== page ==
How to Sew an AIO Cloth Diaper: DIY Tutorial


This diaper pattern and tutorial will show you how to make a sized all-in-one (AIO) diaper, meaning that the finished diaper will have no rise snaps. Unlike a one-size (OS) diaper with rise snaps, these diapers are made to fit for a certain length of time, meaning you will have to use the next size up when your baby grows out of them. This means more diapers, but it also means a better fit for most kiddos.

If you’ve been around this website and the Cloth Diapers for Beginners community for a while, you’ll know that I don’t sew. But that doesn’t mean that many members of our community haven’t saved a ton of money sewing their own diapers.

That’s why I turned to Cathy Antoniou, a long-time cloth diaper community member to share her cloth diapering patterns and step-by-step process with us. Below are her instructions and links to her cloth diaper patterns.


What You’ll Need to Sew Your Own AIO Diaper

For your all-in-one (AIO) diaper, you will need:

  • One layer of PUL fabric, and a strip of PUL to use a binding
  • A layer of absorbent cloth diaper fabric (I used a layer of stretch terry)
  • A layer of microfleece (or microsuede or AWJ if you prefer)
  • Three or four layers of absorbent fabric to make a soaker pad (I made a soaker pad of several layers of stretch terry)
  • Velcro/Aplix
  • A pattern (I used the Diaper Covers Deluxe pattern from New Conceptions, but it seems to no longer be available so I created some basic cloth diaper patterns, available for free here for the community)
  • Elastic (I used 1/4 inch wide elastic, 3/8 will also work)
  • Pins
  • Thread (100% polyester thread is best) 
  • A sewing machine

All-in-One Cloth Diaper Sewing Tutorial

Step One: Cut and Pin

Cut out your microfleece and stretch terry bodies and your soaker pad. Lay the soaker on the two layers and sew the soaker pad on.

The soaker pad here is pretty basic, and not shaped as you’ll see in the pattern. I don’t really think it matters, but if you have the time, a shaped soaker looks a lot nicer.

Here you will see I have a full layer of microfleece, the soaker pad, a full layer of stretch terry, and the full layer of PUL (it is a white diaper cover).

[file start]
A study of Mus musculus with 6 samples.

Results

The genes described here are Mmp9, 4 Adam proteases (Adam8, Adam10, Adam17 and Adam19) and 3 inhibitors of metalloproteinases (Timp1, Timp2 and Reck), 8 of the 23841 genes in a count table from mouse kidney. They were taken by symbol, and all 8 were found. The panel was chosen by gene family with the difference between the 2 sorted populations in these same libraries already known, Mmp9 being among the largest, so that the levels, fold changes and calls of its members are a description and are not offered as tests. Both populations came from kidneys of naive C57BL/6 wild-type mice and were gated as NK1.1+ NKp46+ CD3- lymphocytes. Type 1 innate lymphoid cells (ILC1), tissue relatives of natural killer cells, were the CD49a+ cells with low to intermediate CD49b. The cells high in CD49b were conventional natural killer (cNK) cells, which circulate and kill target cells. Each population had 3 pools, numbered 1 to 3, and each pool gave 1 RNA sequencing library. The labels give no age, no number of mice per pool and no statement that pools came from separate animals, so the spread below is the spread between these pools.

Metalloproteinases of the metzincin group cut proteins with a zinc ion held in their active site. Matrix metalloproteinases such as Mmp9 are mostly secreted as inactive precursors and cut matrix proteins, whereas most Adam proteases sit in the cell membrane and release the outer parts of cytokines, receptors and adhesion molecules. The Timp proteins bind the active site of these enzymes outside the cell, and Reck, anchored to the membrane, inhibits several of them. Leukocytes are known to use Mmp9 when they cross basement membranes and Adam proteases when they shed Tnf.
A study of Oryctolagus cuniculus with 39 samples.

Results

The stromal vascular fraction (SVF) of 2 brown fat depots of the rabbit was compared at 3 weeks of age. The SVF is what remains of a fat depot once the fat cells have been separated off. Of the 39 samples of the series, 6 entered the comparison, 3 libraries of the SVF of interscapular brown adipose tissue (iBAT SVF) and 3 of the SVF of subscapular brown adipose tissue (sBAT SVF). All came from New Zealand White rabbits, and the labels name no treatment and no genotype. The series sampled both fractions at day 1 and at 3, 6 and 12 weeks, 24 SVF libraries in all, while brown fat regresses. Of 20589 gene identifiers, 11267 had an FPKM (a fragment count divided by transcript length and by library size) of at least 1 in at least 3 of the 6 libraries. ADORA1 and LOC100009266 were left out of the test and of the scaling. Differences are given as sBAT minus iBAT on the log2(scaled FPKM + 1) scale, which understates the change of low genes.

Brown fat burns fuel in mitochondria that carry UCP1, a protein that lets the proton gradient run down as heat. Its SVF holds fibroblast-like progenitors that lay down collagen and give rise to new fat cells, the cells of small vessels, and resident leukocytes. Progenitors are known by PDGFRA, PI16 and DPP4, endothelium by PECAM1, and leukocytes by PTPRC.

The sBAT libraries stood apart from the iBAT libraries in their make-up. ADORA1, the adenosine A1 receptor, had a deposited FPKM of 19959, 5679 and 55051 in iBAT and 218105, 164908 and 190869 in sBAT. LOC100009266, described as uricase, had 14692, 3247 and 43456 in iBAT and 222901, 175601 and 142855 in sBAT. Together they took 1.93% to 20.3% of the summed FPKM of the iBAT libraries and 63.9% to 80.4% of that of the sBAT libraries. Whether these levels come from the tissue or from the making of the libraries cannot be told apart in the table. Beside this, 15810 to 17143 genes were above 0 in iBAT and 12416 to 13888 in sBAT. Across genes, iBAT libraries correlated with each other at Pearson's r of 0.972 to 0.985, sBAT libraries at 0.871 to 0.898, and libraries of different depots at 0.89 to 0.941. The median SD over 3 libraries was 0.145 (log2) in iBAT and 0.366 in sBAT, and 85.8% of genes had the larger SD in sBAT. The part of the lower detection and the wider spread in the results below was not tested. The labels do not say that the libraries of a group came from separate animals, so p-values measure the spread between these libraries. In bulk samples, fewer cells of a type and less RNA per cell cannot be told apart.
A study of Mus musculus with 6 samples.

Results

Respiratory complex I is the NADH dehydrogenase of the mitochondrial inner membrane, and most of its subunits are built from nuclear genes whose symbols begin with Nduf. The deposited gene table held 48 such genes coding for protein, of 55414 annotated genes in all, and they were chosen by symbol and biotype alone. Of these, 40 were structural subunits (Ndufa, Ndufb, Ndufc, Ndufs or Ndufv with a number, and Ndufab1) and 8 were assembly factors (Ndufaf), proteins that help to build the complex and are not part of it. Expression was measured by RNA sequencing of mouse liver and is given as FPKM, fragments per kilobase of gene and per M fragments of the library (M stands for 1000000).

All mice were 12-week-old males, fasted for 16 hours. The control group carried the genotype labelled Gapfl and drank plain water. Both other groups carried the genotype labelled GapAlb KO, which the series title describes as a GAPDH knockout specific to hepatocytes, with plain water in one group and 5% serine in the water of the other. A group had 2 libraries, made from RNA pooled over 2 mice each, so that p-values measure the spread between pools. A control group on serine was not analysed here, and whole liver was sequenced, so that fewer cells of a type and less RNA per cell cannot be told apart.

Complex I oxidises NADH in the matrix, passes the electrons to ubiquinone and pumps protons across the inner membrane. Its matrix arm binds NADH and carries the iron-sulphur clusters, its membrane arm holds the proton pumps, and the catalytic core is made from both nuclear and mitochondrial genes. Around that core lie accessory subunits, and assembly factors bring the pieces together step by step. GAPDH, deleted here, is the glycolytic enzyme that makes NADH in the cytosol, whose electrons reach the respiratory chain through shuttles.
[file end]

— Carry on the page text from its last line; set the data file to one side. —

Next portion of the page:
Step Two: Sew in the Gusset Elastics

The Quick Wrap pattern I used has gussets so I cut one layer of PUL, and one layer of flannel, and sewed the elastic onto the gusset. 

If you follow this method, sew the elastic on the back of the diaper. Sew it just on the two absorbent layers, not on the PUL layer.

Step Three: Binding

Next, get your binding foot ready. This foot makes the binding on your diaper look professional. It is a bit tricky to get the hang of, but with lots of practice, it really is what will give your diapers that clean look.

Fold the binding and then stick it into your binding foot.

Next, sew the binding onto the gussets to cover the elastic.

Step Four: Attach Your Snaps/Velcro

Don’t forget to attach your snaps, or sew your Velcro onto your PUL layer at the top (save the wings for later if you’re using aplix). I always forget that part!

Step Five: Sew it Up

The next step is to serge together your three layers, which also simplifies the process of putting on the binding. 

In this step, sew the gussets on as well.

I found it much easier to serge with the PUL on top and then to go back later and sew the gussets on with the regular sewing machine. It’s easier to control the slippery PUL when it’s on top. 

Following that, sew the binding all around the cover.

Step Six: Attach the Wing Aplix (If Not Done)

If you’re using aplix instead of snaps, now is the time to attach the hook part of the Velcro onto the wings. 

You can choose to let the Velcro stick out futher than the wings, which is great for babies with a bit more chunk to them. Or you can cut it flush with the edge of the diaper to make it look neater.

If you cut it flush, I like to sew it on before the binding because it looks very professional.

Step Seven: Enjoy Your New Diaper!

And then your done. Enjoy your beautiful new all-in-one!